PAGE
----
Fate Turns Pohl from Course Player to Course Designer
by John Bebow
It's been 17 years since Dan Pohl's most significant brush with golf history. Had fortunes been just slightly different_one more three-putt by Craig Stadler, one less three-putt himself_the Mt. Pleasant native would have forever donned a green jacket as the 1982 Masters champion.
Michigan golfers fortunate enough to have cable television systems carrying the Golf Channel might just catch Pohl's big Augusta moments this spring on one of the network's late-night re-run shows.
"I probably get more people who have seen the highlights now than ever," Pohl said. "In this business, people forget you very quickly. Now with all the videos and everything, people can finally recognize who finished second in all the big tournaments over the years."
"I'd never been in that position before. I did what I could," Pohl remembered. He closed the tournament with back-to-back rounds of 67, including a six-under stretch on holes 13-16 on Saturday. He most vividly remembers gutsy play down the stretch on Sunday, such as an up-and-down for par on 15 after hitting his second shot on the par five into the water. And despite three-putting away the title on the first playoff hole, "I felt like I won, too," Pohl said. "Nobody can ever take that away from me."
But fate seems to have taken away much of Pohl's talent.
"I haven't touched a club in two months," Pohl told Michigan Golfer in a February interview from his home outside of Phoenix, Arizona.
In a familiar routine, Pohl found himself turning down PGA tournament invitations again as the 1999 season got underway. This time, the culprit was tendonitis in his right elbow. The problem developed last fall as he tried to pitch fastballs to his 14-year-old son.
"I was working that old right arm from the Mt. Pleasant Oiler baseball team," Pohl said. "I was trying to show him Dad still had it."
Truth be told, Pohl hasn't "had it" since 1995, his last productive year on tour. And he's made few headlines since his wonderful 1986 and 1987 seasons when he established himself as one of Michigan's greatest golfers ever. He won Ben Hogan's Colonial tournament and the World Series of Golf in 1986 and played on the Ryder Cup team and took home the Vardon Trophy for lowest scoring average on tour in 1987.
Since those two banner years, Pohl's most impressive statistics can be found on his ever-growing medical chart: three knee surgeries, two back surgeries, a fused neck, arthritis, bone spurs in both feet, and now the elbow problem.
It's no wonder Pohl is turning his attentions away from the tournament side of golf and toward other projects, most notably golf course design.
"When I think of what the PohlCat represents to my hometown, it's a very good feeling," Pohl said, referring to his first Michigan design, which put his hometown on the map as a mid-Michigan golf destination. "I wish I had more design work. If I could do a couple courses a year, that would be the high point for me. I'd love to have more opportunities in Michigan."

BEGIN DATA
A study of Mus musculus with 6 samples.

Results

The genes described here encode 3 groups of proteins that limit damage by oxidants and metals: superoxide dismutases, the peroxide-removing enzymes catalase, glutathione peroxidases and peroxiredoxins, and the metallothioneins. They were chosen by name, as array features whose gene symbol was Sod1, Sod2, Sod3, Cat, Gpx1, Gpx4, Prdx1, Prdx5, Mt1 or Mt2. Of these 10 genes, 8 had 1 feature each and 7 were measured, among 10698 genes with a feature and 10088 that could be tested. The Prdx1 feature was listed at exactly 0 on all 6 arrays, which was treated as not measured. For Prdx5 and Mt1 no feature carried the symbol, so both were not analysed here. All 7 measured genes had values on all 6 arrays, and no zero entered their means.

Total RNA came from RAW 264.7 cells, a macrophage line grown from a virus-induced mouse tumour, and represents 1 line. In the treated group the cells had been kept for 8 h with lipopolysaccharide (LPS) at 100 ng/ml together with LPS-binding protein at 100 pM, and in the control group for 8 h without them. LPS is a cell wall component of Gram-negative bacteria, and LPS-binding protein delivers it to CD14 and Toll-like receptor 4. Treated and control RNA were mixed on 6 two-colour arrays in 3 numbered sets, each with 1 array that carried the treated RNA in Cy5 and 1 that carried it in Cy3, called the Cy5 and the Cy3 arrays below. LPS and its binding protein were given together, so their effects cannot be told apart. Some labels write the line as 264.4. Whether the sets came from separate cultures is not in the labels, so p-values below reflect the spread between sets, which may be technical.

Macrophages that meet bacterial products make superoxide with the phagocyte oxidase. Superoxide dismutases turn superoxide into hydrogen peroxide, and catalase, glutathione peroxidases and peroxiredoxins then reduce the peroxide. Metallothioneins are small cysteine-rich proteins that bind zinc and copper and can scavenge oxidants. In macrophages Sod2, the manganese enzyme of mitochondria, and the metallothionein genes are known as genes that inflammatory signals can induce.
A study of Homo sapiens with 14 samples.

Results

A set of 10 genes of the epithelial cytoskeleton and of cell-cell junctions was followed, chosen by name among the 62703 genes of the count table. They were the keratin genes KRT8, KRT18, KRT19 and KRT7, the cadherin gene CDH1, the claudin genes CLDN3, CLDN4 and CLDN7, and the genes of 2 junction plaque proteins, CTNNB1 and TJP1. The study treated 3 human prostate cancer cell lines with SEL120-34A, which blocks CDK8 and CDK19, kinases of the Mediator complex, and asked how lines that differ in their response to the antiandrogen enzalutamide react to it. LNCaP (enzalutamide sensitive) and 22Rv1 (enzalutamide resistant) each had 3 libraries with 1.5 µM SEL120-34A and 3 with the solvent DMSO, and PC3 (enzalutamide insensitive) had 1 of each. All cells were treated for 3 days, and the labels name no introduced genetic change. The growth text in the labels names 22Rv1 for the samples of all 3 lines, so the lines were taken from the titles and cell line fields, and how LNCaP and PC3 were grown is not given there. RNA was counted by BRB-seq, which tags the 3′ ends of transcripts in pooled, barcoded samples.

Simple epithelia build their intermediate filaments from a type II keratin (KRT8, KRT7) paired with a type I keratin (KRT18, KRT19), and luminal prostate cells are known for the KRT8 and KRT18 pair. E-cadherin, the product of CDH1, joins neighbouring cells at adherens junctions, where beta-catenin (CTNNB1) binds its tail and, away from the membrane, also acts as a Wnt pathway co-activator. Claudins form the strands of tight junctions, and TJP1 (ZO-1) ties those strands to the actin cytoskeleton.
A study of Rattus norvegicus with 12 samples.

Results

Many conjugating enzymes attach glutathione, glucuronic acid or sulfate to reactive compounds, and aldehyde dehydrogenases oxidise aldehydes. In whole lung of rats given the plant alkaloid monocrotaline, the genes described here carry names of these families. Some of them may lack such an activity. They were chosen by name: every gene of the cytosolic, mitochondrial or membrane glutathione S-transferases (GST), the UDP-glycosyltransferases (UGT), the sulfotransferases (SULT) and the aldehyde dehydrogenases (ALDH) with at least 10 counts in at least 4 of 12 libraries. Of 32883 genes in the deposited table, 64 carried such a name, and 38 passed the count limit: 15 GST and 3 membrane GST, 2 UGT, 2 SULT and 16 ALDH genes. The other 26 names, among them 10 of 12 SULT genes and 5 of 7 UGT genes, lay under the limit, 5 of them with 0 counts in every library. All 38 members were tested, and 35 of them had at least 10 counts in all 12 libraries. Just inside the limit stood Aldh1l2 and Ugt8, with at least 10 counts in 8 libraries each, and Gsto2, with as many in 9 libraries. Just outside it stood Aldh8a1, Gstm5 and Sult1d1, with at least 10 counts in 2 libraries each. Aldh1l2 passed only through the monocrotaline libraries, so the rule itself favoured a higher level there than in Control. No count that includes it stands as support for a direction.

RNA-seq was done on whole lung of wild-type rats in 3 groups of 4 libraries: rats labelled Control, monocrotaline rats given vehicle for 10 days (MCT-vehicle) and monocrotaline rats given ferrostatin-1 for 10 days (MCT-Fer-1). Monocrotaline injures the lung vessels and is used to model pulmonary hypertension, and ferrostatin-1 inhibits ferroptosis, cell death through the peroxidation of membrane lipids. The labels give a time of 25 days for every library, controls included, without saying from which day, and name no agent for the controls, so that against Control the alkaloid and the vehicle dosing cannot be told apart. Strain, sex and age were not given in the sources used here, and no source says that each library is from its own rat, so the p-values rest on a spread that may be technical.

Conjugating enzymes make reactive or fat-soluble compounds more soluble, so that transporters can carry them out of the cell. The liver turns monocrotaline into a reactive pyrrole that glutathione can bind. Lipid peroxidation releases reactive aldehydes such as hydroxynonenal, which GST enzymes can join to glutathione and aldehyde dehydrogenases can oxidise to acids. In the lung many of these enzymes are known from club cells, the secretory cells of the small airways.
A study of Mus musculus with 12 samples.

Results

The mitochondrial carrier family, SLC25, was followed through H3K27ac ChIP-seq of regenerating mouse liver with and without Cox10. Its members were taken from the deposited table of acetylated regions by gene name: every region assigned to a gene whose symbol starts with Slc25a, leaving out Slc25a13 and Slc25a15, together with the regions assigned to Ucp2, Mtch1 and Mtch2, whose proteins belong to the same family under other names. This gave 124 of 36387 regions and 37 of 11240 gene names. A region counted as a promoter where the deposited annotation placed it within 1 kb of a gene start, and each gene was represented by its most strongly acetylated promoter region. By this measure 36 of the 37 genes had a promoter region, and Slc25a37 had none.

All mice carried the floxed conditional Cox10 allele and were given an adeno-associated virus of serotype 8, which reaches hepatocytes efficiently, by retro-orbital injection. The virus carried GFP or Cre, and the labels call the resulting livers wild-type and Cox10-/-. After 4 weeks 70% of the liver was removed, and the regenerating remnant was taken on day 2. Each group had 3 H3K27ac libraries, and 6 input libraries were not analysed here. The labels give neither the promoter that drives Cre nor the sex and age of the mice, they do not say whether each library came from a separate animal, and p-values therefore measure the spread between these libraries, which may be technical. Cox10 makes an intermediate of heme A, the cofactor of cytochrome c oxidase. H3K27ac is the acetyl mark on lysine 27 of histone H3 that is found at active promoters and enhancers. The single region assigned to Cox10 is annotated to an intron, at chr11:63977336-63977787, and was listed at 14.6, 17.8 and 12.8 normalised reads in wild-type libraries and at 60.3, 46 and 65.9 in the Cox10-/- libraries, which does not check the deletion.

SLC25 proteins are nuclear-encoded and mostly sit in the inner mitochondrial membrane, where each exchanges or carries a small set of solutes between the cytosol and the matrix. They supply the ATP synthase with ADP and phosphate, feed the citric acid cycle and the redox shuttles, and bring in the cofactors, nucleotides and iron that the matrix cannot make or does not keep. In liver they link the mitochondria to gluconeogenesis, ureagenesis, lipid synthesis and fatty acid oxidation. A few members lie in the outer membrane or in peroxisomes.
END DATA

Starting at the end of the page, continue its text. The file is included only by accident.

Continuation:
Toward that end, Pohl is working with Lansing-based course designer Bruce Matthews.
Their prescription: Matthews will work on routing, drainage and particulars like that while "I throw playability issues at him," Pohl said. Golfers will hear the first big news out of the Pohl-Matthews team later this year with the unveiling of a still-unnamed layout between Flint and Rochester Hills. Scheduled to open sometime in 2000, the course will be built on an old mushroom farm with a nice mix of elevation changes and woods, Pohl said.
You won't hear Pohl quote from Donald Ross or Alister MacKenzie or offer many other deep theories about course design.
"We can create whatever people want in a golf course," he said. "There are plenty of designers out there who are just as good as the big names, but for developers it's just a matter of getting over that big name."
Once in a while, Pohl gets an urge to regain his big name as a player in the game.
"Basically, my goal in golf is just to get back and compete and mentally want to go back and play," he said, hoping out loud to be healthy enough to compete in a half-dozen or so PGA events throughout 1999.
Some fans might think a veteran pro's mental game would be second-nature_ especially after the kind of high-pressure moments like Pohl has experienced at Augusta, and Colonial, and many stops in between. But when Pohl makes one of his rare tournament appearances, he often tells the hotel clerk at the beginning of the week that he plans to check out on Friday_cut day.
"I'm telling you, you do goofy things," Pohl says. "The physical problems create mental uncertainty."
Last year, Pohl made the cut at the Texas Open and the B.C. Open. "A bunch of the tour guys on Saturday morning looked at me and asked, "What are you doing here?"
Some fans, aware of his injuries, assume Pohl is getting ready for the senior tour, but he's only 44 years old.
"Because of all the injuries, people probably think I'm closer to 50 than I really am," Pohl said, adding that physical problems "make it hard to look six years away" to a second career on the senior circuit.
"All I want to do is just feel good on a daily basis_not for golf, but for daily life," he said.
Still, Pohl remains philosophical about what some would view as incredibly poor physical fortune. Other players with healthy bodies experience mental and emotional wear and tear that's even harder to repair, he suggested.
"It's so easy to watch a David Duval and think his play is the greatest thing since sliced bread," Pohl said. "But on television we're only seeing those guys at their very best moments. If you ask the senior players what their biggest regret is, most of them will tell you they didn't get to see their kids grow up. I've been able to see my three kids in a different light. And I've gotten to know my wife a lot better than I would have traveling from tournament to tournament every week."